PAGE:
For five months this year I lived in Buenos Aires, Argentina. I slept in the house of a wig- wearing woman and her always-dressed-better-than-me dog, Sofia. I attended classes with Argentine estudiantes, and ate ice cream so often my mom thought I was dating the heladería, Freddo. I roller-bladed around the parks of Palermo and suffocated on the green line of the subte.
While studying abroad, I was initially the self-declared most religious foreigner in the city. As all my friends dug into their juicy meats, I screamed “kosher” with my strictly vegan broccoli salad. And if that was not unusual enough in the carnivorous country, I became the “token Jew” who could not communicate on Saturdays. “It’s the Jewish Sabbath,” I would explain. “I refrain from using all forms of technology, transportation, and modes of payment.” My friends thought I became Amish once I week.
But, all that was old news for me. Back home in college, I was the girl who begged anyone with the last names Weiss or Rosenblum to attend Hillel for Friday night dinner. I was the go to student for religious questions and the classic case of a “dietary restriction.” It only made sense that the same would be true in Buenos Aires.
Little did I know, I was in for a pleasant surprise.
While I may have been the most observant student in my American friend group in Argentina, among the locals, I fit right in. And no, I do not mean because my platform shoes were conveniently all the rage in the Paris of South America. But, somehow just one week into my adventure below the equator, I surprisingly found myself right at home. With a plate of food so immense that I could have trekked up it for a mountain top view of the city, I sat at a dining room table surrounded by my fellow tribe members. From a Facebook page accurately named “Jews Alone in Buenos Aires,” the Berim family had found and reached out to me to ensure I had the company they believed a complete stranger deserved.
“Why should anyone be alone?” they asked me, conveying a gregarious and hospitable nature unique to both Argentines and Jews. “You must come to us every week!” They begged me to stay the night, or at least join them for family fun day tomorrow. After a buenismo meal and hearty conversation, in which I showed off my high level vocabulary of “ja ja ja”s, I promised the two eldest Berim children that I would go out with them the following night, to celebrate the conclusion of Shabbat.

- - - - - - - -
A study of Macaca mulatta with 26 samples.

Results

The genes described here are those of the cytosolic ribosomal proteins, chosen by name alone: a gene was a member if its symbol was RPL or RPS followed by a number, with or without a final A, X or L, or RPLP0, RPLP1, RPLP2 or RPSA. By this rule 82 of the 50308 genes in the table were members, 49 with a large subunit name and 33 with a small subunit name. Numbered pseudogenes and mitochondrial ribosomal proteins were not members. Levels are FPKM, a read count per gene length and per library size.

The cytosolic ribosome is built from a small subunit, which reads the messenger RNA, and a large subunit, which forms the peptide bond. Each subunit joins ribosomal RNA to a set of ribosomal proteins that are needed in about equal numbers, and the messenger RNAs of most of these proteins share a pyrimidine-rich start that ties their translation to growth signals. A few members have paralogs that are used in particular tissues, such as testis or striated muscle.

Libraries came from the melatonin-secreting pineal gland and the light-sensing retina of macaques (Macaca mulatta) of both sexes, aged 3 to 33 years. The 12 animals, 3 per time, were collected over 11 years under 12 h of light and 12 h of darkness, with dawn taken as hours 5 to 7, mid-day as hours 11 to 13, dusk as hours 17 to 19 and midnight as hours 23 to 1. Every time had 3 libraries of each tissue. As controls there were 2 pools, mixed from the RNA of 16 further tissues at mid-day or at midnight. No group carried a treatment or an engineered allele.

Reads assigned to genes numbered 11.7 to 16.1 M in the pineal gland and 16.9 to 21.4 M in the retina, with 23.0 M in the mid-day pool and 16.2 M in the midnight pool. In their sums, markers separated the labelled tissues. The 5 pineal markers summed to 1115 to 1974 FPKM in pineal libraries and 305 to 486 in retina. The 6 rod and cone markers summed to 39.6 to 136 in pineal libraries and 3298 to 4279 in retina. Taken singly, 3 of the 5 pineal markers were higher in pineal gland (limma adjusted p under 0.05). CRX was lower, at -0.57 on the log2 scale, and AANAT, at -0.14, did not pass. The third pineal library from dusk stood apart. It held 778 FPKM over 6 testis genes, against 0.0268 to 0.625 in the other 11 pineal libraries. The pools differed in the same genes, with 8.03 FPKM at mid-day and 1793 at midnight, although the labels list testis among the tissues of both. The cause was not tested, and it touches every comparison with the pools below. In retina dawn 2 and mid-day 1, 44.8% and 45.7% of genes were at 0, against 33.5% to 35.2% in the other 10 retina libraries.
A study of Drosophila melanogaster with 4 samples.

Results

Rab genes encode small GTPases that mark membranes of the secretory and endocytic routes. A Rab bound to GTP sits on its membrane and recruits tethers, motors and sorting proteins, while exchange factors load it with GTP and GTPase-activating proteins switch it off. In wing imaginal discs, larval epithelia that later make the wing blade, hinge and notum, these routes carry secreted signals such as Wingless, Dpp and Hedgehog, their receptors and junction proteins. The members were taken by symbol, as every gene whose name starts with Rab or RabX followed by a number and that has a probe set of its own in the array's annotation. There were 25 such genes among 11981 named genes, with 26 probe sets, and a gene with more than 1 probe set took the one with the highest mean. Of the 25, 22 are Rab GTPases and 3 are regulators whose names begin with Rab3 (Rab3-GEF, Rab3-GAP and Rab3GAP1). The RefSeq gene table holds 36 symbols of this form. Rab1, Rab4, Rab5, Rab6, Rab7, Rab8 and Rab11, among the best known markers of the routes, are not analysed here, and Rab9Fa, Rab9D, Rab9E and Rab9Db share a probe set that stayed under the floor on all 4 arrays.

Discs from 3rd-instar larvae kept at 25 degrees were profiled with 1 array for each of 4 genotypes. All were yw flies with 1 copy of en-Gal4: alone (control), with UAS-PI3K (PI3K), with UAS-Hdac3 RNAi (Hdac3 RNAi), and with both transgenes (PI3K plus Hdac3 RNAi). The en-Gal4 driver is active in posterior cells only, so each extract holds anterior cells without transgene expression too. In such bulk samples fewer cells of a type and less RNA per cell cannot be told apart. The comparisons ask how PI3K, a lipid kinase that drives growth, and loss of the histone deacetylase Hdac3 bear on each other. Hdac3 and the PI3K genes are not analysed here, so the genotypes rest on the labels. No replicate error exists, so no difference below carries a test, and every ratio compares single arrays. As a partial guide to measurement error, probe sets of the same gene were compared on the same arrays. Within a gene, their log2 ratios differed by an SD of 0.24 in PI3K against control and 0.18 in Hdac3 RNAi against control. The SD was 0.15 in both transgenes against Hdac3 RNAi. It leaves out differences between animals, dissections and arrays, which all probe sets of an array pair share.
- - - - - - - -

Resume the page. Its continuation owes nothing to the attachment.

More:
And so began the endless adventures with my fellow Jews. The Berim boys introduced me to their friends, who introduced me to their families. Before I knew it I was one of the clan. Walking on the Libertador Street, it wasn’t long before I could wave hi to just about every fifth person I passed. I became the famous American, who for some reason everyone in the community wanted to invite to their houses. Whether they wanted to learn English, find a date for their sons, or simply help out a newbie, the Jews of Buenos Aires looked out for me. From weekly Shabbats to the October filled holiday season, they always made sure I had a place to go and share the religion with. And when it came to the fiestas, well then too, they always invited me to boogie with them all noche long.
Being a part of the Jewish community in Argentina was a major highlight for me during my time studying abroad. Not only did I do the oh-so-cliché move of “meeting new people,” but I also continued observing my religion in a way I did not even know was possible in America, nonetheless in a country thousands of miles from my home state of New Jersey. Though I was not brought up kissing everyone I greet nor pronouncing Y sounds like they’re “SH,” I, nevertheless, was able to befriend these crazy Argentines and bond over our inherent love of challah and grape juice. By simply joining a Facebook group that embarrassingly pointed out how lonely I was in the Southern hemisphere, I ended up joining a community that followed me back home. Literally… I guess that’s what I get for inviting everyone I met back to my house near NYC.